A raised garden bed makes your garden more visually appealing and you’re able grow more in less space.
WHAT IS A GARDEN BED?
Normally, a garden bed is a construction that sits on top of your existing soil filled with soil mixture.
This construction can be made of different materials such as wood, bricks, rocks, and even stones.
ADVANTAGES OF RAISED BED GARDEN
- EASY TO WORK WITH
When I say garden beds are easier than traditional gardening, this is what I meant.
The structure for the garden bed would already be done; having the right mixture, so all that’s left to do is plant your favorite vegetables.
Basically, managing a garden bed is fairly easy to do.
- MORE ACCESSIBLE
A raised garden bed reduces the amount of bending you need to do. If you have a bad back or disability then this method of gardening is perfect for you.
This, of course, makes gardening comfortable and much easier.
- LESS WEEDING
Weeding your garden can be the least favorite part of your gardening chores.
But with a garden bed, all that task is minimized. The fact that you would be using soil that you purchased with organic mixtures, you’ll have less weed to tend to.
- LONGER GROWING SEASON
Because of the height or elevation of the raised bed, it tends to warm up quicker in the springtime.
This means that the growing season is extended. And the benefit of this is that you’ll potentially have a much larger harvest.
That’s good news for every gardener!
6 Mistakes Raised Bed Garden Beginners Make
1. Wrong Location
Selecting the right location for your raised bed is key to getting started.
You should ensure that your garden bed is getting 6-8 hours of full sun daily. Your plants will thank you for this later!
A piece of common advice is not to place your raised bed near trees or shrubs as it may compete against each other for nutrients.
Try to place your garden bed where it’s easily accessible to a water supply.
2. Inadequate Irrigation
After you set up your raised bed, how do you get water to it! The reality is that your plant need consistent watering to thrive.
So you may need an irrigation system in place that helps with this when you don’t get to water your plants consistently or just to have a backup plan.
This is much better than sprinkler as it water the roots instead of the top and the irrigation system helps to distribute water evenly.
Basically, it’s reliable and reduced the amount of water that needs to be supplied.
Examples of automated irrigation systems would be micro jets, drip irrigation, drip tape and, soaker hose.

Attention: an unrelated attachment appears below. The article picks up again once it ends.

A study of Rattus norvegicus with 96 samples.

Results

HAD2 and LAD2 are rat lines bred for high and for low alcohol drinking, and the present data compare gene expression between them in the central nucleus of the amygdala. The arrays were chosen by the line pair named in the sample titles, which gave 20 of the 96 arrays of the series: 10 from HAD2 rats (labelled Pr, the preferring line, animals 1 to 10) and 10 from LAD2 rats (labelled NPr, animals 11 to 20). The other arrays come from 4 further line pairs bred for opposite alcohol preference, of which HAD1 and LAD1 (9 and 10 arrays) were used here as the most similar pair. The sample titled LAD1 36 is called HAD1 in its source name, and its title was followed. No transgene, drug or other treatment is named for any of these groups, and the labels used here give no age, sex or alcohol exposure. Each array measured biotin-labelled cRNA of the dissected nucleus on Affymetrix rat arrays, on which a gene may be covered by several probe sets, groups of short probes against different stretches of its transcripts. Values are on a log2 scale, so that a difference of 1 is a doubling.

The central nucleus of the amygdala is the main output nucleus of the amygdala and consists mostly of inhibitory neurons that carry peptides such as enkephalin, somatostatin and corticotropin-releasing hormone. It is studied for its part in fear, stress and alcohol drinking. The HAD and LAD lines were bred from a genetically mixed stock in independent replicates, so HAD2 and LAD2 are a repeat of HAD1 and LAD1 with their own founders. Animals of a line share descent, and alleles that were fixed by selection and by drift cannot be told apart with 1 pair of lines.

3. Lack of Soil Preparation
What’s in the structure of your garden bed will have the final say on whether your plant will thrive or struggle to survive.
It all comes down to having good soil. This soil should be rich in nutrients, minerals, and loose so that the roots of your plant can grow freely.
This makes raised bed more easier to work with compared to traditional garden as it will already have good soil and you don’t need to deal with a ton of pest and weeds.
Never use the soil in the yard for your raised bed. The soil should be prepared thoroughly before you begin to plant.
You can purchase good quality potting soil from garden centers. When you add water soil, it should remain crumbly when moist.
The most common types of soil use in raised bed gardens are known as compost, topsoil, and potting soil.
4. Walking On The Soil
For many beginners, they end up making their raised bed too wide which makes it difficult to reach the middle of it.
If you don’t know what size to make your garden bed, just customize it to your body dimension.
When you’re building your garden beds ensure that you can reach every part of it easily.
“I have already set up my raised garden bed, what should I do?”
If you have already set up your raised bed that’s too wide then you can consider installing pavers to step on instead of the soil.
5. Forget to Mulch
After you have finished planting your garden, you need to mulch with straw, manure, leaves, or wood chips.
Not only does this keep your soil moist but reduce the amount of watering your garden need. If you leave your soil exposed in the raised bed the moisture will quickly dry out.
6. Wrong Plant Placement
It’s best to place taller plants in the middle and the smaller ones at the edge of your raised bed.
Furthermore, there are certain vegetables such as leafy greens that need less sun than others, and that’s where the taller plant can actually benefit them.
So when you start planting in your garden beds, it’s important to know the growing requirements for each plant.
Whether it needs full sun or partial.
This will help you to place your vegetables in the right position to get the best results.
And lastly, for climbing vegetables plant them towards the back of the bed on a trellis.
Setting up your garden beds to grow your favorite vegetables sounds fun to do.
However, there’re a few things that beginners completely forget when creating a raised bed – which leads to a big failure.
Use this raised garden bed guide to help you plan for a large harvest in the future!